How to be a Top Reviewer on Goodreads?
Happy New Year 2017
I received extremely good news this week from Goodreads. I'm one of the top 45 reviewers in the country. Yoohoo! And I don't do any more reading than I normally do. So what changed?
Let me share my tips.
1. Sign up on Goodreads
Every author and reader has a Goodreads account. I'll tell you why. Once you sign up, and add books to your shelves and genres you like, you may find authors and publishers contacting you to send you free books. I had five books sent to me through the site and I'm sure if I signed up for giveaways and all that number would be far more. Psst, I read 72 books this year.
Sign up at Bookbub. This is a trusted source for deals and FREE books. They send you a list of books depending on the frequency you choose and you will never run out of books. It's a more cost effective way, than searching for what you like, finding the price etc. This list is sent directly to your email.
3. Dedicate Reading time
If you're not going to set aside time, you will not read. For me, it's when I'm cooking, I'll listen to an audiobook or if I'm commuting on the train I read on my Kindle. So I've allocated time in my schedule to read. Look at your schedule, where can you fit in reading, on your daily walk, listen to an audiobook, or while on the treadmill, before bed, before dinner, with a glass of wine.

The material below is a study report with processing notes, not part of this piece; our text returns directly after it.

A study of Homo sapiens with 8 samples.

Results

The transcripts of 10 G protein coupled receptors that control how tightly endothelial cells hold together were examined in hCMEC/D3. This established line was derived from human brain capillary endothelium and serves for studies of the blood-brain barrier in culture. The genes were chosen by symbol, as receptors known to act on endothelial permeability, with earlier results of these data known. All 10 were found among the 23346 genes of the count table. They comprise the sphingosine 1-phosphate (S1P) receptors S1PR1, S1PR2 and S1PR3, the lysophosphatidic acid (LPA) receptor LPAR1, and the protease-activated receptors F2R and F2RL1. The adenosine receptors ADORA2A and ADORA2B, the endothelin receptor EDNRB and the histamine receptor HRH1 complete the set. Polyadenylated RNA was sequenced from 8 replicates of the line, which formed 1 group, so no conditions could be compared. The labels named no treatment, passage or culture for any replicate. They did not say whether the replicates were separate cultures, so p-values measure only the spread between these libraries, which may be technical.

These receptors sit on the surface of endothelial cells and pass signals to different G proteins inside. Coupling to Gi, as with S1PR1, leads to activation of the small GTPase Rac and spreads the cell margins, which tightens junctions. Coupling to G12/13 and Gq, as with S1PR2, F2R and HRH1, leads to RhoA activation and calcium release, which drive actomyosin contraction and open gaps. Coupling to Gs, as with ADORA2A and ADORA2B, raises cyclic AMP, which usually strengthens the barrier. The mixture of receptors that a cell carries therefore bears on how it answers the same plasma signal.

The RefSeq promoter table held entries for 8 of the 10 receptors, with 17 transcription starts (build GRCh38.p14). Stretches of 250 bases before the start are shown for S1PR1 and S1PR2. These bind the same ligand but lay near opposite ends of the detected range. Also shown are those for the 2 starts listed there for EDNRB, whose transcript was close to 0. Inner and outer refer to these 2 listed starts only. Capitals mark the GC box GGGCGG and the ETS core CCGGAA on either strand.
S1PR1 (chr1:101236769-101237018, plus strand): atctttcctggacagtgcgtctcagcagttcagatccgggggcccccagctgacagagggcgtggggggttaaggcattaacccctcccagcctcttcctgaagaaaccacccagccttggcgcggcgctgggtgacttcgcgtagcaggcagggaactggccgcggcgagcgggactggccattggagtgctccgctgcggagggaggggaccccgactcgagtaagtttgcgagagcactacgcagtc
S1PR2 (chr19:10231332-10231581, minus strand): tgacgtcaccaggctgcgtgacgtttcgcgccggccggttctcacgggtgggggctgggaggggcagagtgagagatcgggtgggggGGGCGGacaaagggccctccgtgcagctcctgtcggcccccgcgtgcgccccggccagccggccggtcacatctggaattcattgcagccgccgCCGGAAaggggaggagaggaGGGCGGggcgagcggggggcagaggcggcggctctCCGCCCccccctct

4. Size does matter.
I seldom pick books over 80,000 words. All my friends know this. It's the same reason I've not read Tolkien, Gone with the Wind or other books around that length. Time is too precious and I'd rather pick award winning books that are somewhat shorter, so that I can read more. If you want to be a reviewer, quantity is important.
5. Write good reviews
I'll confess, I don't write good reviews. I write one paragraph on what I liked and didn't like about the book. I don't add lists or write my interpretation of the blurb. But I've seen many detailed reviews on Goodreads that spark conversation, debates and feedback. Most of them are long and very descriptive of what the reader liked or didn't like.
6. Review everything
Even if it's a short book, comic, anthology or a short, review everything you read. Writing a review serves two purposes. It helps the writer understand what he or she did wrong and helps them write a better book. It also helps other readers, decide whether this book is worth time spending over.
It also helps you as a reader. Publishers look at reviewers and send loads of freebies when they know you're a serious reader. This can be gift cards, book discounts, and signed copies.
So Happy Reading. May 2017 be your best year Ever!